While Fisher is perhaps the most hawkish voting member and voted against Bernanke at the last meeting, continuously rising crude/food prices and a not so large output gap are causing more voting members to firm their anti-inflation rhetoric in recent weeks:
by Naga Munchetty and Scott Lanman
(Bloomberg) Federal Reserve Bank of Dallas President Richard Fisher said investors shouldn’t assume that rising credit costs will force the central bank to cut interest rates as deeply as it did in January or in an emergency meeting.
“We reacted with very deliberate actions that took place over a very short timeframe” in January, Fisher said in an interview with Bloomberg Television in Paris. “That shouldn’t lead markets to expectations that we will continue to react in that manner.”
Fisher also downplayed speculation that the Fed is set to reduce its benchmark interest rate before policy makers’ next scheduled session on March 18. Yesterday, yields on agency mortgage-backed securities rose to a 22-year high relative to U.S. Treasuries, while the cost to protect corporate bonds from default climbed to a record.
“I would discourage you from thinking that simply because of a significant action in the credit markets, like we had yesterday, that suddenly we’re going to have an Open Market Committee meeting, and that suddenly we’re going to move Fed funds rates in response,” said Fisher. “It doesn’t work that way.”
Traders see a 100 percent chance that the Fed will lower its 3 percent benchmark rate by three-quarters of a percentage point this month, according to futures contracts. The probability a month ago of such a move was 30 percent.
At the same time, Fisher said that the credit-market turmoil “has to be processed.”
That is, the Fed is more inclined to give markets time to work things out. While demand is weak, the output gap has remained modest.
And now, with inflation and inflation expectations elevated, they need a larger output gap to bring it down (rising MNOG).
The world’s 45 biggest banks and securities firms have written off $181 billion since the beginning of 2007, reflecting the collapse of the U.S. subprime-mortgage market.
Without a failure, so far, and without the feared supply-side constraints. Yes, credit standards have tightened, but not due to actual ‘money shortages’.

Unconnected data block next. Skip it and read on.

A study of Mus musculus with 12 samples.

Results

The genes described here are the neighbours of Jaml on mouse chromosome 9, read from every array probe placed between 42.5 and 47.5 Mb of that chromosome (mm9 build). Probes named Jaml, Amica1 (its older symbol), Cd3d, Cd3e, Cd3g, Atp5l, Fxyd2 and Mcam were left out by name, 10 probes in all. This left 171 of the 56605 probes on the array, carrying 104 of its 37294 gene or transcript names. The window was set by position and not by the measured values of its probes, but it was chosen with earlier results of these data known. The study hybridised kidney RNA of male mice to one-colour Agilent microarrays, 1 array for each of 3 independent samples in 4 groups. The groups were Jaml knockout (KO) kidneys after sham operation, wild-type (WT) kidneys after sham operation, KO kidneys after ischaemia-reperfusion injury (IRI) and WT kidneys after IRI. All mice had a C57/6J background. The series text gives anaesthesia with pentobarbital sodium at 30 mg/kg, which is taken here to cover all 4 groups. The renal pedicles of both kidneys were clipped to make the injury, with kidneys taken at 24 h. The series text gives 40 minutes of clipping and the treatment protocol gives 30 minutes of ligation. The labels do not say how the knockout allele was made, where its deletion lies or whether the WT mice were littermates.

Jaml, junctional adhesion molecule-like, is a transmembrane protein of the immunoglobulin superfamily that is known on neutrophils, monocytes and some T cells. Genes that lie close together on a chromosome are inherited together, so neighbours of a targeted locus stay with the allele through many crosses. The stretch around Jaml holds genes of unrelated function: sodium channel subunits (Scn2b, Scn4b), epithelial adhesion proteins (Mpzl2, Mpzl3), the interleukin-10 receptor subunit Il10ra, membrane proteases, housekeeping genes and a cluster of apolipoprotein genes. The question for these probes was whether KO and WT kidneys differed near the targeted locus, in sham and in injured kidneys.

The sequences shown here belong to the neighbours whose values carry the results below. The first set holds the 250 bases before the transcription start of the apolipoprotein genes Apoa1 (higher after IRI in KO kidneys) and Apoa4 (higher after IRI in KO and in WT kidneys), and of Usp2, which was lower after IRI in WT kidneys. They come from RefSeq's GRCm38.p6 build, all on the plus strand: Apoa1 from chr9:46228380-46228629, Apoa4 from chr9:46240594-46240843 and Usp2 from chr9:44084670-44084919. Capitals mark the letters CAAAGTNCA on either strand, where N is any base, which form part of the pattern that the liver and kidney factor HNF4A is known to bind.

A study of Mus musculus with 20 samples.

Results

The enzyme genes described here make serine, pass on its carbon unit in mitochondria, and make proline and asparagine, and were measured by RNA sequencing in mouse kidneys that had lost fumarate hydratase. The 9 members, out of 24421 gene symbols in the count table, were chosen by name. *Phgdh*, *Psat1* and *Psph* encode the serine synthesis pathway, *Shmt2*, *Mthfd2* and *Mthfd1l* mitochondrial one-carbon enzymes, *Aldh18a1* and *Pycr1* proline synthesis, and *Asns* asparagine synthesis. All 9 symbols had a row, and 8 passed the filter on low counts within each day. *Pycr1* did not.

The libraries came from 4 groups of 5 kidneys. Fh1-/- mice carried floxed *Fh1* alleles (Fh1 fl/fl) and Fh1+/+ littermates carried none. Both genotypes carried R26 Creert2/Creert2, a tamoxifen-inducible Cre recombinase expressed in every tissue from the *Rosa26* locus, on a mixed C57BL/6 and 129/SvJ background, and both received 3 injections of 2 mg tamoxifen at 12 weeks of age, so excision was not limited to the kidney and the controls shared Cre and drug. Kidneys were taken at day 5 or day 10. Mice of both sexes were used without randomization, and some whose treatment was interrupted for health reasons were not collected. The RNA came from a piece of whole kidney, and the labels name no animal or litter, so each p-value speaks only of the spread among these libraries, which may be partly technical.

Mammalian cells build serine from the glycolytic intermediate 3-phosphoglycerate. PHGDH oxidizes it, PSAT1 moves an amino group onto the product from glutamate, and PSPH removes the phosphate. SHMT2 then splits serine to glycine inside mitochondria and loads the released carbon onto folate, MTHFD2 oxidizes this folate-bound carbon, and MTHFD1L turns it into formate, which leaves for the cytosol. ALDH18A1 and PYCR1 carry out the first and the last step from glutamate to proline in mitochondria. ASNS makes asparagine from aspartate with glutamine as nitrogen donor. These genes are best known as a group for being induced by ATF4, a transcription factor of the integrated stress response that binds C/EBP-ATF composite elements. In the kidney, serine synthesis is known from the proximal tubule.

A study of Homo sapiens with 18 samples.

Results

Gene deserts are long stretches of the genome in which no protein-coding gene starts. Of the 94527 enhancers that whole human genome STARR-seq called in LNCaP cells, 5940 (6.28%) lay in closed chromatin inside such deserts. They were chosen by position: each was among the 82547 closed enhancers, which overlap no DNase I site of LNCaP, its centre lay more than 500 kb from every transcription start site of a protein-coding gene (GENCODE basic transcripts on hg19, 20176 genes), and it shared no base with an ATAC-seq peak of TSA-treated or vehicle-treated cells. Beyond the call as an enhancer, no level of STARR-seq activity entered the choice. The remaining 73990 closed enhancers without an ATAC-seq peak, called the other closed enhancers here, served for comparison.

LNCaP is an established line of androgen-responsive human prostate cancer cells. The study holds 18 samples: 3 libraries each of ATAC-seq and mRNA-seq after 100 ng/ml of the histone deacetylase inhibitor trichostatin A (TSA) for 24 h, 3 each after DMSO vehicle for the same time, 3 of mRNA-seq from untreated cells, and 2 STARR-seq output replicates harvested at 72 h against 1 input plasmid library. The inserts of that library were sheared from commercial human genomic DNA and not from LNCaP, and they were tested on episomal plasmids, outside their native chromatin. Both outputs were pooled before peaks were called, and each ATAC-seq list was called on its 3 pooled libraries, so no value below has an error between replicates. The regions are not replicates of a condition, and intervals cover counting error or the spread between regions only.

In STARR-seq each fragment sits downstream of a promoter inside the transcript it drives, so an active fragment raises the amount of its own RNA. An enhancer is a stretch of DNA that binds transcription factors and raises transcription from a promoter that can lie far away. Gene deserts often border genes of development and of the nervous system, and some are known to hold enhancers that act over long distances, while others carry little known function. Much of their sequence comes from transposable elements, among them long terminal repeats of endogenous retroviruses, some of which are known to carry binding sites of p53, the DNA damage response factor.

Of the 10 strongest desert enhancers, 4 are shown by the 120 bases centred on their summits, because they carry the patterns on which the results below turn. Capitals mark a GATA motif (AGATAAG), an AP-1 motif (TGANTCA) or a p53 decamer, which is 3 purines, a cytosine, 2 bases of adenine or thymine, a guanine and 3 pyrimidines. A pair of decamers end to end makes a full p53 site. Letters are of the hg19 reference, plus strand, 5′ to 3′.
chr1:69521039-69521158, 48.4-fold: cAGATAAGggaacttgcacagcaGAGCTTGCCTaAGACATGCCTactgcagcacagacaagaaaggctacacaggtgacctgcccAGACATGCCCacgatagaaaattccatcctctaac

“There’s a danger if the Fed reacts to new information immediately,” said Fisher, 58, a former money manager and U.S. Senate candidate who joined the Dallas Fed in 2005. “But obviously we take into account all the information as closely as we can.”
Fed officials have cut the target for the overnight interbank lending rate by 2.25 percentage points since August, taking it to 3 percent. The 1.25 percentage point of reductions in January was the fastest easing of policy in two decades. Yields on two-year Treasuries fell to 1.41 percent at 11:55 a.m., the lowest since 2003, as traders anticipate further cuts.
Fisher was the lone voting member of the Federal Open Market Committee who dissented from the Jan. 30 decision to reduce the rate by a half point.
The FOMC’s decisions in January were in response to a “weaker prospect for the economy,” Fisher said.
Which is why he voted against it. When the risks shifted from ‘market functioning induced collapse’ to ‘slowing demand/weaker GDP/larger output gap’, he stepped aside.
The U.S. Commerce Department releases February payroll- growth and unemployment figures at 8:30 a.m. Washington time today. The jobless rate probably rose to a two-year high and payrolls increased at a quarter of last year’s pace as builders and manufacturers fired more workers, economists said before the report.
A modestly larger output gap is expected. Fisher and others aren’t so sure that it will be large enough to bring down the rate of inflation, as it’s still going up even with current weakness.
Yes, inflation is a lagging indicator, but oil prices are a leading indicator and drive future inflation for years down the road.
Fisher was in Paris for a conference on globalization, inflation and monetary policy, hosted by France’s central bank. In a speech before the interview, Fisher said “persistent” increases in commodity prices make it harder for central bankers to determine precisely how much inflation may be rising.
Exactly. And so far, the rate cuts are seen to have been driving down the dollar, driving up crude prices and future inflation, and not doing a whole lot for market functioning.